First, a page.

Programs help lower teen pregnancy rate

Angela Tisdo, left, RN at Albany High School, counsels 18-year-old Amanda Coney on her pregnancy. Tisdol’s services are provided by Phoebe Putney Memorial Hospital’s Network of Trust.

Angela Tisdo, left, RN at Albany High School, counsels 18-year-old Amanda Coney on her pregnancy. Tisdol’s services are provided by Phoebe Putney Memorial Hospital’s Network of Trust.

ALBANY, Ga. -- Teen births are at their lowest level in decades with fewer babes born across the country since 1946, according to a recent report by the Centers for Disease Control and Prevention.

Nationally, the number of live births per thousand women, age 15-19, declined 9 percent from 2009 to 2010 and 44 percent from 1991 through 2010. By the CDC's figures, if the teen birth rate had not declined from those observed in 1991, there would have been an additional 3.4 million births to teens through 2010.

While Georgia teen birth figures were not immediately comparable across the same span of years, according to the Online Analytical Statistical Information System (OASIS), a public informational website of the Georgia Department of Public Health, teen births in Dougherty County declined by just more than 25 percent in the period between 1994 and 2004 -- a significant reduction.

According to her organization's website, Sarah Brown, CEO of the National Campaign to Prevent Teen and Unplanned Pregnancy, believes that teens are being more "careful" when it come to sexual activity. She attributes the decline in births not only to fewer sexual encounters but to increased use of contraception as well.

Debra Willingham, director of the Dougherty County Teen Center, a unit of The Southwest Georgia Health District, agrees. However, she is careful to place the greater emphasis on providing teens a reason to be careful.

"Young people have dreams," Willingham said, "and if a young lady wants to be a doctor or a nurse and comes to believe she can't (achieve that dream) she may decide she can be a mother."

According to Willingham, while birth rates tend to be significantly higher for Hispanics and African Americans, the common thread throughout is poverty and a lack of information. The Southwest Georgia Health District partners with a variety of organizations, including Strive 2 Thrive, Girl Scouts and Girls Inc.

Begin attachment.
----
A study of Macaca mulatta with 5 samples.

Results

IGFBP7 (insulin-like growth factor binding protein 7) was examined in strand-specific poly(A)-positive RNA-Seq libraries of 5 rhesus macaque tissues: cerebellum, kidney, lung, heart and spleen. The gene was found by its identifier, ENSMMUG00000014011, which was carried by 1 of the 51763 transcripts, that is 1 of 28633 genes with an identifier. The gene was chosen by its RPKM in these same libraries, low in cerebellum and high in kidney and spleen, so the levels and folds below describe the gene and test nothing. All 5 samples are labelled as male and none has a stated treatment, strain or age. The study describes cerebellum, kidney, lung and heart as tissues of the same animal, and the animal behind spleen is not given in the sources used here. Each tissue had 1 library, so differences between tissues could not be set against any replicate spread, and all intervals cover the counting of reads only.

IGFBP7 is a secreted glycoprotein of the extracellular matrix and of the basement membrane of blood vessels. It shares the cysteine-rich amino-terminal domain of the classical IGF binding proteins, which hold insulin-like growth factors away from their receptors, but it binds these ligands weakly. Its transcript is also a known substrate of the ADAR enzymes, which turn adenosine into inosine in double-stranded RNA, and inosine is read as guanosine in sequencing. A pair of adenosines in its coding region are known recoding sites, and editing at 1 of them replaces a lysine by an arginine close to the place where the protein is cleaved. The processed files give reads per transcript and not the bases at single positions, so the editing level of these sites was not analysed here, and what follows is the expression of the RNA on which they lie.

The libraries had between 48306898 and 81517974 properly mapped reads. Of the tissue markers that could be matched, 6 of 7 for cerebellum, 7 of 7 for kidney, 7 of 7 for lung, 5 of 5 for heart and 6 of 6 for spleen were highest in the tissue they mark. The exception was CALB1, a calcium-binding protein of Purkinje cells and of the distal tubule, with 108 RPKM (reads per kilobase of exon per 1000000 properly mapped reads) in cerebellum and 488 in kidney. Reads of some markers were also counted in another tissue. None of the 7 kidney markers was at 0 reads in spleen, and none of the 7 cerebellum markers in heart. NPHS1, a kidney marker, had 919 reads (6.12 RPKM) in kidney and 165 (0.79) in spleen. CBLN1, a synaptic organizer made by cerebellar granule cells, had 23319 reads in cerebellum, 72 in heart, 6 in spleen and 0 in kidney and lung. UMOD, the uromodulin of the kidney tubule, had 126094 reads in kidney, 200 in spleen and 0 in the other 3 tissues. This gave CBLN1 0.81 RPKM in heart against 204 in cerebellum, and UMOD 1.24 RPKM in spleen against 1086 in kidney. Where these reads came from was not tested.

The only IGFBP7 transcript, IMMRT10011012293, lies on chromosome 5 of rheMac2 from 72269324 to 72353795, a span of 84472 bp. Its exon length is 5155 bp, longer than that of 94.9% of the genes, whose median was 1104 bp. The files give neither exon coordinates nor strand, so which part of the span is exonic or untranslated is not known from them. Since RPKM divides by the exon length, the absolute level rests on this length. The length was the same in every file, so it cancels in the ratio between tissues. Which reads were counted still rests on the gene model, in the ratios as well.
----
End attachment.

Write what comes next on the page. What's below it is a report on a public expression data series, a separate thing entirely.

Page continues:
The Taking Time for Teens Coalition brings together more than 30 organizations involved with pregnancy and other issues, to bring to teenage girls and boys the message that "dreams comes first and babies come later."

While the promise of a better life through education has been shown to be effective, Willingham knows that teens often fall short of their own good intentions and so she's a realist when it comes to birth control. She endorses sex education in the public schools, she said, and the availability of contraception.

"We have to recognize that no matter what, young people are having sex," Willingham said, "Most of the science today shows that abstinence education is not preventing pregnancy. We have to help them to take care of themselves and delay their pregnancies until they can take care of their babies."

Phoebe Putney Memorial Hospital's Network of Trust is a grant-funded project whose stated goals include "repeat" pregnancies, and providing a "stay in school" focus, stressing high school graduation. The network offers a program designed to build self-esteem to all pregnant teens in Calhoun, Dougherty, Lee, Terrell and Worth counties.

The United States has one of the highest rates of teen pregnancy of any industrialized nation," said Angie Barber, Network Trust director, "This statistic alone should challenge each person to look around and ask how they can help to make a positive difference in the lives of the people around them. To see a decrease in teen pregnancy in Georgia and in Dougherty is a positive change for all of us."